Quick Read on Torticollis

Torticollis

Torticollis, also known as wryneck, is the twisting of the neck that causes the head to rotate and tilt to one side due to tightness of the neck muscles. This condition can cause plagiocephaly (for more information see "what causes plagiocephaly".)

Etiology

There is not one specific known cause.

There are two types of infant torticollis including:

  • Congenital muscular torticollis occurs due to the baby's positioning in utero resulting in an injury to the neck muscles, specifically the sternocleidomastoid muscle (SCM). This can be more prevalent to firstborn children (sometimes accompanied by a potential congenital hip dislocation.)

  • Acquired torticollis occurs after birth and can be caused from irritation from the cervical ligaments from a viral infection, injury, or vigorous movement. Additional causes include:

  • Sleeping in awkward position

  • Neck muscle injury at birth

  • Burn injury

  • Oral tongue, lip, or buccal ties

  • An injury leaving heavy scarring and skin or muscle shrinkage

  • Neck muscle spasm

  • Slipped facets

  • Herniated disks

  • Viral or bacterial infection




Diagnosis

Torticollis is confirmed with a collection of medical history and physical exams. Physical exams may include checking range of motion in the head and neck, palpating the SCM muscle, observation of the head and neck anatomy, and/or observation of hip anatomy and rotation capabilities.

Ultrasound may be used to look for certain abnormalities in the spine for rare, but serious health conditions.





Best practice for stretching & repositing

If your baby has torticollis your pediatrician may teach you stretching exercises to do at home to help loosen the tight sternocleidomastoid muscle and strengthen the weaker muscles to help straighten your child’s neck. If the torticollis is severe, your pediatrician might recommend physical or occupational therapy early on.


Torticollis can get better with repositioning and stretching however it may take up to 6 months to go away completely, and in some cases may take a year or longer.


Stretching exercises to treat torticollis work best if started when a baby is 3–6 months old. If you find that your baby's torticollis is not improving with stretching, talk to your doctor and they can refer you for physical or occupational therapy. (Josephson, 2017)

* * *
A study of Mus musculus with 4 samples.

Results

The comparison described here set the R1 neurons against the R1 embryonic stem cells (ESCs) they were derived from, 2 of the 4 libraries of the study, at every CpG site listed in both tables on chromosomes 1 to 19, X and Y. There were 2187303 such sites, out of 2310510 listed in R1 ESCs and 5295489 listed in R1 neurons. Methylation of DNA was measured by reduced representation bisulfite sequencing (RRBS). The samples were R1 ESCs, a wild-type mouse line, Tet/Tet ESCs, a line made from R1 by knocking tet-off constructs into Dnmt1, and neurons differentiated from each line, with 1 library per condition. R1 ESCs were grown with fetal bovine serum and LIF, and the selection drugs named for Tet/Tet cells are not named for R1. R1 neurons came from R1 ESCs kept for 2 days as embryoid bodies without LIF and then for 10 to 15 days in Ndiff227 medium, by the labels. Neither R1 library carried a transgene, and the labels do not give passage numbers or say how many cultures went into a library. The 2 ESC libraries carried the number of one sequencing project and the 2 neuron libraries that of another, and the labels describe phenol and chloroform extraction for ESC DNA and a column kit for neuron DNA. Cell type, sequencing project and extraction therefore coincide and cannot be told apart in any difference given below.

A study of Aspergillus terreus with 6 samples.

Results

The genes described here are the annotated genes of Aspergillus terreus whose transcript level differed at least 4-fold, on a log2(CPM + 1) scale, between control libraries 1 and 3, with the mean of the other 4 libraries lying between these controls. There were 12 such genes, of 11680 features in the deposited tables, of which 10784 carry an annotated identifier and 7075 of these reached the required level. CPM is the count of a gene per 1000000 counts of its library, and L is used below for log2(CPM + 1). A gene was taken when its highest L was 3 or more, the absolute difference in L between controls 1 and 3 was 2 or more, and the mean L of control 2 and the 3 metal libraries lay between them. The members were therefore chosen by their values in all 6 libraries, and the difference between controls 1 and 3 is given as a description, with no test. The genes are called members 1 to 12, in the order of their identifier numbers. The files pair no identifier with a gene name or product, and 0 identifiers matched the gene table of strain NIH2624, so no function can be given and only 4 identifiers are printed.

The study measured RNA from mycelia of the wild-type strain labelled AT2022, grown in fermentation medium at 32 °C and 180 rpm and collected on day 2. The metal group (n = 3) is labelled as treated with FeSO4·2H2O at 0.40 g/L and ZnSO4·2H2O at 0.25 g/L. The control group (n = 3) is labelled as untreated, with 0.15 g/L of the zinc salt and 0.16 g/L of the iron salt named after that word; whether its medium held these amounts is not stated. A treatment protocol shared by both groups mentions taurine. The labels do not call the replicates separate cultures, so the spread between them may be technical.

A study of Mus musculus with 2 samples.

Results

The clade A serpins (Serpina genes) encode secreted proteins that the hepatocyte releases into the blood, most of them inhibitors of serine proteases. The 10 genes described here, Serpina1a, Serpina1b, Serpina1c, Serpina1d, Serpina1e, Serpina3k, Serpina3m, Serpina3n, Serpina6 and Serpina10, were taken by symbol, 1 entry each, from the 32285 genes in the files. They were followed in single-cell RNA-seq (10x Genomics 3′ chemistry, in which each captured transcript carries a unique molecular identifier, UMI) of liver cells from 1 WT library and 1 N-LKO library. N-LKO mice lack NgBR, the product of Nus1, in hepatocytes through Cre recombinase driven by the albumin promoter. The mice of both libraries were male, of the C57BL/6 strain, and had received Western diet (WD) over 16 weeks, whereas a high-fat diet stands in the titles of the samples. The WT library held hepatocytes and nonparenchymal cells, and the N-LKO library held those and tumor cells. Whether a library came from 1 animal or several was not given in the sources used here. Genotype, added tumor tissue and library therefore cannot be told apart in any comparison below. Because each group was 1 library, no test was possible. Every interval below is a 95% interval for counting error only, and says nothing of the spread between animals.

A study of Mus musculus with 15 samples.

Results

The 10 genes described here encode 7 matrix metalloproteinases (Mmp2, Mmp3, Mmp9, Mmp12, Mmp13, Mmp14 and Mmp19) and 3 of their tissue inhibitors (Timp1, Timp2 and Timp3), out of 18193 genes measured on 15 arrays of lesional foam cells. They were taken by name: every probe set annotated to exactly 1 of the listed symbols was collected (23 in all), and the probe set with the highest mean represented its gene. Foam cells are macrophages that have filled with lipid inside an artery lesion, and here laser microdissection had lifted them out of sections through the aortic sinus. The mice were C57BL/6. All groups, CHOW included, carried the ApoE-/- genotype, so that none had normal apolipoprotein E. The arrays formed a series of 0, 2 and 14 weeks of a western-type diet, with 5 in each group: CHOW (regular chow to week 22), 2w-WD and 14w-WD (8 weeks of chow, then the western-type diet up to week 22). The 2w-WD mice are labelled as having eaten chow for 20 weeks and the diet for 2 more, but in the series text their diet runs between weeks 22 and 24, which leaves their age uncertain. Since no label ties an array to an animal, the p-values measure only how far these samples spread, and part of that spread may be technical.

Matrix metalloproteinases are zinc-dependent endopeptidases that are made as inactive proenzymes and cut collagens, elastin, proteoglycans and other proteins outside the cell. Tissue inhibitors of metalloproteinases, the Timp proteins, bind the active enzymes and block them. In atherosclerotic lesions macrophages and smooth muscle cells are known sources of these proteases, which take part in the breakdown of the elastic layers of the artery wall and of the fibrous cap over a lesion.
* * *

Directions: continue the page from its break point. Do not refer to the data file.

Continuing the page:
If you have concerns with the progress your child is making, don't wait to voice them! Therapy can help you and your child and in no way puts them at a disadvantage for later in life. The "wait and see" approach is not for everybody especially if you know your baby is making little progress. You are your baby's voice and biggest advocate.


Repositioning

Repositioning is effective up to a certain point. The main idea is to lay the baby with their head on the less flat side. This usually then requires the baby to rotate their neck into the unfavored position. You can get creative with positioning to help them tolerate the less comfortable side. See our post on repositioning.


While repositioning is effective, placing baby on back to sleep is still best practice recommended to prevent sudden infant death syndrome by the AAP.





Don't Forget About Tummy Time

Laying your baby on their stomach for brief periods of time while they are awake is an important exercise to help strengthen neck, back, and shoulder muscles and prepares your baby for crawling. Exercise is especially helpful for a baby with torticollis. Here are some tips:

  • Lay your baby on your lap for tummy time. Position your baby so that his or her head is turned away from you. Then, talk or sing to your baby or place toys in front of them to encourage him or her to turn and face you. Practice this exercise for 10 to 15 minutes. (Josephson, 2017)

  • When your baby wants to eat, offer the bottle or your breast in a way that encourages your baby to turn away from the favored side.


  • When putting your baby down to sleep, rotate them so their preferred way of laying faces them towards the wall. Since babies prefer to look out onto the room, your baby will actively turn away from the wall and this will stretch the tightened muscles of the neck.


  • During play, draw your baby's attention with toys and sounds to make him or her turn in both directions. (Josephson, 2017)


For more tips on tummy time see our post on repositioning or download our Tummy Time Toolkit download from the link below:


TummyTimeBooklet
.pdf
Download PDF • 8.15MB

References

Cohen, D. A. (2020, September 1). Can Chiropractic Help with Torticollis in Infants and Children? Corrective Chiropractic.